Thursday, July 24, 2008


I have a severe bias against those that go door-to-door soliciting things. It usually happens that they ring my doorbell when my son is napping. He's a light sleeper. A ringing doorbell can certainly ruin a day by ruining a nap.

Given this preference I wasn't all that excited about going door-to-door soliciting signatures for my liquor license petition. Knocking on the doors of strangers isn't my idea of fun. And while it may not have been fun it sure was interesting.

It's possible to hire a company that solicits signatures for you. Primarily through a mailing campaign which seems really impersonal. It was suggested by my alderman that I beat the street for my own signatures. It turned out to be a great experience.

For the most part people were happy to see me and sign my petition. People seemed to fall into 2 categories. Longtime residents who are happy to see new things going in or new residents who moved in because of the potential on Cherokee. There were a handful, and certainly a minority of people and businesses, who refused to sign. Some people said they'd be happy to come to my place but that they were concerned with the gentrification of the area. That one was difficult to fully digest. One business owner admitted a history with alcohol that prevented them from signing. It wasn't clear if it was this particular person or maybe a family member with the history. I can't really disparage them for not signing.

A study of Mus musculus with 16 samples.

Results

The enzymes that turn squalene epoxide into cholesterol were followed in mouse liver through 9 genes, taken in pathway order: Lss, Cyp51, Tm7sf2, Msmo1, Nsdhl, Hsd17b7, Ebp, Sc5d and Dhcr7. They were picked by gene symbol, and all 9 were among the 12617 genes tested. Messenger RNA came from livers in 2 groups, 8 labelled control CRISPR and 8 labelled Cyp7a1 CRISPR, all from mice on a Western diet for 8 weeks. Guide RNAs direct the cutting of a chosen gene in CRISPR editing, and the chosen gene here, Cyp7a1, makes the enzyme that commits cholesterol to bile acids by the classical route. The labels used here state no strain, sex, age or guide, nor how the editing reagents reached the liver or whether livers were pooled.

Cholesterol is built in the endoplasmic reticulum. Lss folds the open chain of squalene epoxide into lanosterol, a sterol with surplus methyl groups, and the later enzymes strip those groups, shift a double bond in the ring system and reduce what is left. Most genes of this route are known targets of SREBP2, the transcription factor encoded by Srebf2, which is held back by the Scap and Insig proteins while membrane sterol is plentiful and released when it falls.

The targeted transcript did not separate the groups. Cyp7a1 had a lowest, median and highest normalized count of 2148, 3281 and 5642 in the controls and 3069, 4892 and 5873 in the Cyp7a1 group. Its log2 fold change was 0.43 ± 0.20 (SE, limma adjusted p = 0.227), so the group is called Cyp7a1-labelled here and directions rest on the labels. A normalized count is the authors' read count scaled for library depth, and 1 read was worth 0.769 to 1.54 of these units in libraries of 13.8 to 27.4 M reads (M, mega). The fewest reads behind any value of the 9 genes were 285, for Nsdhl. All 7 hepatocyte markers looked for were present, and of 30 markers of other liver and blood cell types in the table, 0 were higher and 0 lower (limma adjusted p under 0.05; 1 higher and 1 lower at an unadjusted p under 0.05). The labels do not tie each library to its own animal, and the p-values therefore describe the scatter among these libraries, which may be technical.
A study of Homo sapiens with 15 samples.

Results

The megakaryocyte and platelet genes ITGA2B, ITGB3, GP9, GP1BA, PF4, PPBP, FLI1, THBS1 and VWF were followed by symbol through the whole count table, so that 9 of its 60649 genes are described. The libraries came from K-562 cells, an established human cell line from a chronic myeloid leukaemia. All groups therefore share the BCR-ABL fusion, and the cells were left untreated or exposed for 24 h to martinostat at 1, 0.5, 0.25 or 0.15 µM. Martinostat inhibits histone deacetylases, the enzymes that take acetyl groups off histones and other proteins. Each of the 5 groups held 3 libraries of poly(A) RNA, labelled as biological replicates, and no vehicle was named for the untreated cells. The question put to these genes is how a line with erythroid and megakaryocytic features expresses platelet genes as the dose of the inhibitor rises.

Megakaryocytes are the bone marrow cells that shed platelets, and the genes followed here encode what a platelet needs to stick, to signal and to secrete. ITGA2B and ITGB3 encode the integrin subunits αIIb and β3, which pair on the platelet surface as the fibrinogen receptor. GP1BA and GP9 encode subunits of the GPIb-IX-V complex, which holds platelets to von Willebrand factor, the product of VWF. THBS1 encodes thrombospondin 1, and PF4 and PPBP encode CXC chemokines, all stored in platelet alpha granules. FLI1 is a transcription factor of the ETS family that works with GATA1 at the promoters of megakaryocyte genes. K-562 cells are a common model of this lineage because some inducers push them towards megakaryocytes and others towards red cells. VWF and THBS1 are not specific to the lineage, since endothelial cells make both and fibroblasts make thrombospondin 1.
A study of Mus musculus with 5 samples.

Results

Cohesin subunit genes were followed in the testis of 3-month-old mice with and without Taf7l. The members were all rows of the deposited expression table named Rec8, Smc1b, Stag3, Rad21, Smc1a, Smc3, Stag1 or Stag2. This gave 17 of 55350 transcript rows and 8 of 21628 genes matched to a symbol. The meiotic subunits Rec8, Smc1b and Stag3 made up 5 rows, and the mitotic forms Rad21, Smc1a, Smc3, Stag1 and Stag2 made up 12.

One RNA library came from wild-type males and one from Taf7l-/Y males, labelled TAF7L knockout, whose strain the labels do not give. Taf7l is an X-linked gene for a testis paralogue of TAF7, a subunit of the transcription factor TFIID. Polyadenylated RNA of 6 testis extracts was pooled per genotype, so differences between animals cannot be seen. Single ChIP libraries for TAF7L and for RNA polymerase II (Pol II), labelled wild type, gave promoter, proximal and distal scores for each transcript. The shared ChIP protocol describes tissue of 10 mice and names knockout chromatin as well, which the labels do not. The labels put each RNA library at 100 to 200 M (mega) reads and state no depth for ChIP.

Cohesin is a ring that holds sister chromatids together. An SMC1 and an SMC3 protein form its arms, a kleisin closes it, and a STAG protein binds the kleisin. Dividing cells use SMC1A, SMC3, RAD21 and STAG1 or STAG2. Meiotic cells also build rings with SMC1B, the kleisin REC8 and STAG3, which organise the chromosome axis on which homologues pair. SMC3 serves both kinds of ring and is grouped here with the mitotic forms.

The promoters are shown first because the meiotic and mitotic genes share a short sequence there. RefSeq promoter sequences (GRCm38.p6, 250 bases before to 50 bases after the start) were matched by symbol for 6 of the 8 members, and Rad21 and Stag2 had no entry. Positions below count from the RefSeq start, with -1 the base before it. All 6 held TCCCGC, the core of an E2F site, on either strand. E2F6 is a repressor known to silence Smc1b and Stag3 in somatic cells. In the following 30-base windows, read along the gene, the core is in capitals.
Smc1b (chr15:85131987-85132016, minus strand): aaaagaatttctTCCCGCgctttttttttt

Most people were excited. They'd seen work happening on the building and were anxious to find out what is going in there. I was invited into some houses and introduced around. A couple of people went out of their way to get me in contact with some of the others on my list who didn't happen to be around when I showed up. One property owner in particular who doesn't live in the building they own asked me to leave a petition with a neighbor so she could come down and pick it up. She brought it to her husband who, I later found out, is very ill. She mailed it back to me with the signatures and a little note wishing me good luck on my new adventure.

Some of the doors I knocked on were answered by people who obviously weren't expecting a stranger. Doors were answered by women in tears. One woman was nursing a baby. One man was in a towel. All of these people, while they were being inconvenienced, agreed to sign.

All in all it forced me to meet people I otherwise may not have met and I think it'll make my business and hopefully in turn the neighborhood stronger.